What is bacterial vaginosis?
All women have different types of bacteria in their vagina, most of which are friendly and totally harmless. With bacterial vaginosis, some of the bacteria grow and multiply excessively so that more bacteria are present than normal, and the numbers of the friendly bacteria are decreased. So bacterial vaginosis is not an infection caught from your partner – it is due to an increase in the bacteria that are normally present in the vagina and a decrease in the proportion of friendly vaginal bacteria.
Things you can do that help
- If you have an intrauterine contraceptive device (‘coil’) and bacterial vaginosis is very troublesome, consider changing the coil or having it removed.
- Stop smoking, as smoking seems to be linked with bacterial vaginosis.
65% of women with bacterial vaginosis have no symptoms”
Many women have no idea they have bacterial vaginosis. It causes no discomfort or pain. If this is the case why should you be concerned?
Women with bacterial vaginosis:-
- Are more likely to have a miscarriage at early and late stages of pregnancy.
- Are more likely to deliver their babies prematurely.
- Have a higher risk of pelvic inflammatory disease.
- Have a reduced chance of conceiving.
- Have a higher risk of getting HIV.
Many women assume that any form of vulval or vaginal irritation or soreness is due to Thrush, but this is not necessarily the case. Equally, the temporary response to over-the-counter remedies does not confirm that the symptoms were caused by Thrush. The majority of women with bacterial vaginosis do not have discomfort or irritation, but the commonest symptoms associated with BV:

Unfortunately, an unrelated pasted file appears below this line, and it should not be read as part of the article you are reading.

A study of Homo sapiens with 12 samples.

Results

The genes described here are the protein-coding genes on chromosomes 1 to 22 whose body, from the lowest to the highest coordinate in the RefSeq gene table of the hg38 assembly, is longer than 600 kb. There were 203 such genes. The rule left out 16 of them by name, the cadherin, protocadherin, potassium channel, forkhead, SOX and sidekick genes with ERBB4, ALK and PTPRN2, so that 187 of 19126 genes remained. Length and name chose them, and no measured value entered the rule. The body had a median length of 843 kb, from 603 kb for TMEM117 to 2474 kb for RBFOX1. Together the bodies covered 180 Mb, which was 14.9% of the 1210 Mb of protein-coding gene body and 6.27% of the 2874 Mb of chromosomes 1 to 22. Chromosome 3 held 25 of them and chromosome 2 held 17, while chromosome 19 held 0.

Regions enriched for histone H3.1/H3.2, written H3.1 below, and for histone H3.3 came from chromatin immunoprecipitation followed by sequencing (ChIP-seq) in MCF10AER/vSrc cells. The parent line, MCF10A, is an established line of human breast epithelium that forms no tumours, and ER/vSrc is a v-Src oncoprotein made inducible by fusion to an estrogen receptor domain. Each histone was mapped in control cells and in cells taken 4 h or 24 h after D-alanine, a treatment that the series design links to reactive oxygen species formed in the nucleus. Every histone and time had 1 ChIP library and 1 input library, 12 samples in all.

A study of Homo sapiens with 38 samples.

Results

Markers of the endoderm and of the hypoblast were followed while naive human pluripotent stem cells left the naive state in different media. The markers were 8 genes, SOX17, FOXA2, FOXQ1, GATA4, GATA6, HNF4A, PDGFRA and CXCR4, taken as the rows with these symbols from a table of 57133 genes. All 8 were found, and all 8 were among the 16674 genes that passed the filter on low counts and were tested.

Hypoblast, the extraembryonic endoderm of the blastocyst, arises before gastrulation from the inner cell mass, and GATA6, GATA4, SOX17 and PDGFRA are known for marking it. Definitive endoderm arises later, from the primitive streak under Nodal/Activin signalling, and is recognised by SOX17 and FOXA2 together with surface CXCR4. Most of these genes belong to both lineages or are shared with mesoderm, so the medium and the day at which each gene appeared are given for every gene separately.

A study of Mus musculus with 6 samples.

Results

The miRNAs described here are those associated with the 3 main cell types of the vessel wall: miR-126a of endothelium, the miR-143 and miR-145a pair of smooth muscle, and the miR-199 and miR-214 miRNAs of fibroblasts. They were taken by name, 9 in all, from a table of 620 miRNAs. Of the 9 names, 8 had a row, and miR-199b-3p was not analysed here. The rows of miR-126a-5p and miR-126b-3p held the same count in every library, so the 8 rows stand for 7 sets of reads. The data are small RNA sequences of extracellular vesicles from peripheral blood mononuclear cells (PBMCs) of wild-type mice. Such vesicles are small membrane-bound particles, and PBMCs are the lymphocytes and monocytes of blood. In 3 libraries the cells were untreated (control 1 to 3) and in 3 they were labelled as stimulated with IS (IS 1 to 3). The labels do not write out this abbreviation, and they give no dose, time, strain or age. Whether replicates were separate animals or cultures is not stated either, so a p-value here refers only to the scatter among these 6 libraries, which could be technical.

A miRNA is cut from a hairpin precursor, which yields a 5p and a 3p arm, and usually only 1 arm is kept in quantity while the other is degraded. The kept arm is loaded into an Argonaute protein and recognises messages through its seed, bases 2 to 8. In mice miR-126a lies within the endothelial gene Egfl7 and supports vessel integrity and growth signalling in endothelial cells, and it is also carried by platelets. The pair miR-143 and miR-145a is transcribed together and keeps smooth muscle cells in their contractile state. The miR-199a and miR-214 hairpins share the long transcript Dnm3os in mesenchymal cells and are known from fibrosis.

- A fishy smell in the genital area which may be worse after sex or during your period.
- There is normally a discharge, watery and greyish-white in colour.
Why women get bacterial vaginosis
Using bubble bath and other perfume type things in your bath can make a bacterial imbalance in the vagina more likely. Some women douche the vagina (flushing the vagina with antiseptic or soapy liquid) because they think it is hygienic, but the opposite is true. The vagina is very effective at cleaning itself and douching makes infections more likely, not less. Some research suggests that bacterial vaginosis is more likely in women who smoke, or who eat a high-fat diet.
How do I find out if I have bacterial vaginosis?
The safest and surest way is to consult a medical professional. Certainly if you have any of the symptoms above it is advisable for you to be tested for BV. If you are considering getting pregnant it would be prudent to ensure that you do not have BV. There are commercially available tests for bacterial vaginosis, however, at this time we cannot attest to their effectiveness.
Austin Ugwumadu has a special interest in this area. You can ask your doctor for a referral to his clinic at St Georges Hospital in Tooting, London or you can see him privately at Parkside Hospital beside Wimbledon Common, London or Newlife clinic in Epsom, Surrey.